By Robert Kriss

Dr. Phyllis Zee, Chief of the Sleep Medicine at Northwestern Hospital, warned the audience at Horner Park on Wednesday, August 15, that we cheat sleep at our peril. Dr. Zee’s excellent presentation was the first instance of C2ST’s collaboration with the Chicago Park District in the “Science in the Parks” series. Watch the video here.

Dr. Zee explained that three scientists recently shared the Nobel Prize for Medicine for their work in the early 1980’s identifying the genes and protein molecules that drive our twenty-four-hour biological clocks, often referred to as our “circadian rhythm.” Every cell in our bodies has the clock mechanism, and all these clocks are coordinated by the master clock in our brains. The mechanism interacts with light and dark. It keeps us awake and productive (usually) during the day and early evening, and puts us to sleep at night to rejuvenate our systems for another day.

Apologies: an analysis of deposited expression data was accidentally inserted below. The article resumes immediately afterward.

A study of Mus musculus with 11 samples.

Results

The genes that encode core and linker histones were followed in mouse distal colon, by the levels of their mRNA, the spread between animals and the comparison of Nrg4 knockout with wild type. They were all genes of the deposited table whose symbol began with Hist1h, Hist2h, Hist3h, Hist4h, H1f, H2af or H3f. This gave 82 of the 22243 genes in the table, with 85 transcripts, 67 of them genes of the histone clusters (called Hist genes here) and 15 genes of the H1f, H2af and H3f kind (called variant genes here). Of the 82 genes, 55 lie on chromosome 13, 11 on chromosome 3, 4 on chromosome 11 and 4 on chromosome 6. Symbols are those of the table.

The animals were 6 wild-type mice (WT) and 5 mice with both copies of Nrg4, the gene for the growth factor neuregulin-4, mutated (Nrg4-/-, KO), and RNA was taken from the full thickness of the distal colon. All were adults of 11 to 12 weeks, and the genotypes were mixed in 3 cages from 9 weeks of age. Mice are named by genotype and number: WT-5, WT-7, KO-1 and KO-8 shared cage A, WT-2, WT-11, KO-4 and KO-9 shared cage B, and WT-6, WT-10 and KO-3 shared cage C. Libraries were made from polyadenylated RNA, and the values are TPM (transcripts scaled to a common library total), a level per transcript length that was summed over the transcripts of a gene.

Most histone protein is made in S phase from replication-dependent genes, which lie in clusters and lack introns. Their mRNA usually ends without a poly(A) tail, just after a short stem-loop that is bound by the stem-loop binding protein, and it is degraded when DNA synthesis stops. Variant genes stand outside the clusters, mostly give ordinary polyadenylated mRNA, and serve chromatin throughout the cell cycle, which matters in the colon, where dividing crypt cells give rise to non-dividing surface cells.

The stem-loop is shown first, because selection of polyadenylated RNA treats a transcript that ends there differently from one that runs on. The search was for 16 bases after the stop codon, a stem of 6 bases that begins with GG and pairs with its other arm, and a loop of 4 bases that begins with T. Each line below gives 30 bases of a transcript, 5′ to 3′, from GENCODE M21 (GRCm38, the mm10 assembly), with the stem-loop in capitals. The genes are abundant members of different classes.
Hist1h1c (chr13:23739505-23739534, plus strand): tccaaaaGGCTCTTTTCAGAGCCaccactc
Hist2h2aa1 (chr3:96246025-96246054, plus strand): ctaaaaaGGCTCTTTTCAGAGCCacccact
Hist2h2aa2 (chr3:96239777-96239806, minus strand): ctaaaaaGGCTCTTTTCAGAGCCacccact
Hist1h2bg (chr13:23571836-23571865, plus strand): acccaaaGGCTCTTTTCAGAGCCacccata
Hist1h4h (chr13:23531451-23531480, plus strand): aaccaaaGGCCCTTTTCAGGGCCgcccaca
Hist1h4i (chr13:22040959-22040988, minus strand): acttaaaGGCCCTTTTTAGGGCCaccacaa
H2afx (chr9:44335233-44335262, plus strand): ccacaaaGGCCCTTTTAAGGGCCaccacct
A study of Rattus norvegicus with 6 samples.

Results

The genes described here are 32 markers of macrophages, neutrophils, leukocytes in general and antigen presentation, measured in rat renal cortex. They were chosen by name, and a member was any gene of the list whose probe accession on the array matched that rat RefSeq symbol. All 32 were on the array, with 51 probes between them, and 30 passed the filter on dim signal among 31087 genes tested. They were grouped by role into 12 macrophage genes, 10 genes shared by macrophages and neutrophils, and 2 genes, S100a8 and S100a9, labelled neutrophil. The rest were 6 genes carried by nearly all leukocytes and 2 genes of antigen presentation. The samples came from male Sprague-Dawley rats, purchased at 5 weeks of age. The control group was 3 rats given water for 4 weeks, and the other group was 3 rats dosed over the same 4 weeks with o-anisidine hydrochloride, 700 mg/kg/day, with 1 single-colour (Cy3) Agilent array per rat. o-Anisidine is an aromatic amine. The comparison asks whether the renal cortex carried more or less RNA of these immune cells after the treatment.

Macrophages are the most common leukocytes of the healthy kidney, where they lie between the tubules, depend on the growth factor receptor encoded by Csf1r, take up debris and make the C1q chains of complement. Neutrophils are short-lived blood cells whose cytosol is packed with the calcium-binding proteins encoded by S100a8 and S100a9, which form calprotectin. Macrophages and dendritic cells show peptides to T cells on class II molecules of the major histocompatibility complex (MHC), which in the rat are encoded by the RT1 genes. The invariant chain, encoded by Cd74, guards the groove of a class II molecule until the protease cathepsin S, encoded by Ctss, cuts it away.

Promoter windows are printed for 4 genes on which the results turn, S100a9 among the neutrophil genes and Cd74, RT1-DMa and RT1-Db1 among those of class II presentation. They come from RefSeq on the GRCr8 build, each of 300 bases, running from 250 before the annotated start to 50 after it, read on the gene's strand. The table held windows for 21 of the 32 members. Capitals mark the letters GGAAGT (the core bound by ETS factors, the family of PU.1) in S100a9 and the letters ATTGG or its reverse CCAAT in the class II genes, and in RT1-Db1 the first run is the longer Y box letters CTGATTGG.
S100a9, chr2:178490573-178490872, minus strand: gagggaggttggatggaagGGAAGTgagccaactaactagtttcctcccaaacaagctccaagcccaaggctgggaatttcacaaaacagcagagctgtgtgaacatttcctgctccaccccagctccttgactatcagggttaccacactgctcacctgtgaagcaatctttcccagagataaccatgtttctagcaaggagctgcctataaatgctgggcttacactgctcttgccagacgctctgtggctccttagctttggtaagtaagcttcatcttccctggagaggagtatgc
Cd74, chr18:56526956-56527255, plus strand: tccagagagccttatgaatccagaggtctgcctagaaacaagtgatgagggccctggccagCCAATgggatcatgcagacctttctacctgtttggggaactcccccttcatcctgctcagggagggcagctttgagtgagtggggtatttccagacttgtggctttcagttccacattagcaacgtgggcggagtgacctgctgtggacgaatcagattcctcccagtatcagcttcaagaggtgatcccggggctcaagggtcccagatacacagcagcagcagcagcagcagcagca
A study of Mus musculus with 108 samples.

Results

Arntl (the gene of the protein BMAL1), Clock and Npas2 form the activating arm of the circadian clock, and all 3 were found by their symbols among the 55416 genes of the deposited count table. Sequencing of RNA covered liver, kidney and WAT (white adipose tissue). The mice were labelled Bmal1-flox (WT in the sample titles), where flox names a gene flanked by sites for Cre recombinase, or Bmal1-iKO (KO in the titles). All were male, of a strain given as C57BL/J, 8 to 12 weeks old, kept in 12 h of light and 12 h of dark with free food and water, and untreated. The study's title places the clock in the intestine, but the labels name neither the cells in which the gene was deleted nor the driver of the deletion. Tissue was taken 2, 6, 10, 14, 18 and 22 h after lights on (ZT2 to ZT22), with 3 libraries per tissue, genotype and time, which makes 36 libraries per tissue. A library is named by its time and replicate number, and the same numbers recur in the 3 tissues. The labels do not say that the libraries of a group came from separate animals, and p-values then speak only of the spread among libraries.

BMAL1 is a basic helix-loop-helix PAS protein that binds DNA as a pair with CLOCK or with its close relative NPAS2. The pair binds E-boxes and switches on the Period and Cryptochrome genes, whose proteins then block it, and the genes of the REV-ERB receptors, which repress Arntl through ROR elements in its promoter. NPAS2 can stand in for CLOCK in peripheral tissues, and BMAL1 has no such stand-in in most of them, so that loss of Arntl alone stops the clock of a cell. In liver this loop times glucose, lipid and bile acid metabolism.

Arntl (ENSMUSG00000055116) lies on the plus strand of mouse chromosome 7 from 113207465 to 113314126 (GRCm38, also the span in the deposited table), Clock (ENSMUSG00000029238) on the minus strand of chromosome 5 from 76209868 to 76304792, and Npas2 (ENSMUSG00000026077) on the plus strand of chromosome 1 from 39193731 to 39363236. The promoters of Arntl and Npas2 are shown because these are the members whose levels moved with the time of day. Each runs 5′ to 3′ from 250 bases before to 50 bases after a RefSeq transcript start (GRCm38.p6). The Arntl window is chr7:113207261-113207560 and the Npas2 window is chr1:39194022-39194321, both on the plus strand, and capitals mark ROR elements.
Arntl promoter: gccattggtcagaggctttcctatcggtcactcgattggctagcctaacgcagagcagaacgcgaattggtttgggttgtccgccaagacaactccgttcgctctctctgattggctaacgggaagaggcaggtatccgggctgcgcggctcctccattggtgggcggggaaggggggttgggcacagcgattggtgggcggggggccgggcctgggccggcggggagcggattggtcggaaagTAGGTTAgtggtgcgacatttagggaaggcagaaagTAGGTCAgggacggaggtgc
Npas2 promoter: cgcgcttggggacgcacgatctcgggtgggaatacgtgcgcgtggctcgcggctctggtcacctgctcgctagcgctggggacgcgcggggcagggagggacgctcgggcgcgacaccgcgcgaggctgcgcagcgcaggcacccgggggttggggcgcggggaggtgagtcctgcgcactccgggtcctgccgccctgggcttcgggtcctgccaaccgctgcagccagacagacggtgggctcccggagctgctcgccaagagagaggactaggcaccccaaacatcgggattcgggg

Most of us need seven to nine hours of sleep at night, although some of us can function well with as little as six. But if a person consistently gets less than six hours of sleep at night, they will function at the level of someone who is legally drunk. And they won’t even know it. In fact, sleep-deprived individuals often think they’re performing at the top of their game when, in fact, they’re a danger to themselves and others.


By Kristen Witte

The wind whips across the beach, bringing a surprising chill to an otherwise sunny day – though spring in Chicago is anything but predictable. As the cold seeps into your gloveless hands, you wonder if the next incoming wave from Lake Michigan will smash into you before a sufficient amount of water accumulates into the collection canister. You quickly cap the canister and walk over to your colleagues who are sitting a safe distance from the surf, waiting patiently with a thermometer and a pH tester. Continue reading “You the Scientist: The Importance of Citizen Science Programs”


By Robert Kriss

Sarah at five years-old was experiencing twenty-five seizures a day.  Her doctors had started to treat her with one drug, but when that did not work, they tried another, and another and another.  Sarah was taking four different drugs each day and still the seizures continued.  These drugs had worked for some people, but not for Sarah.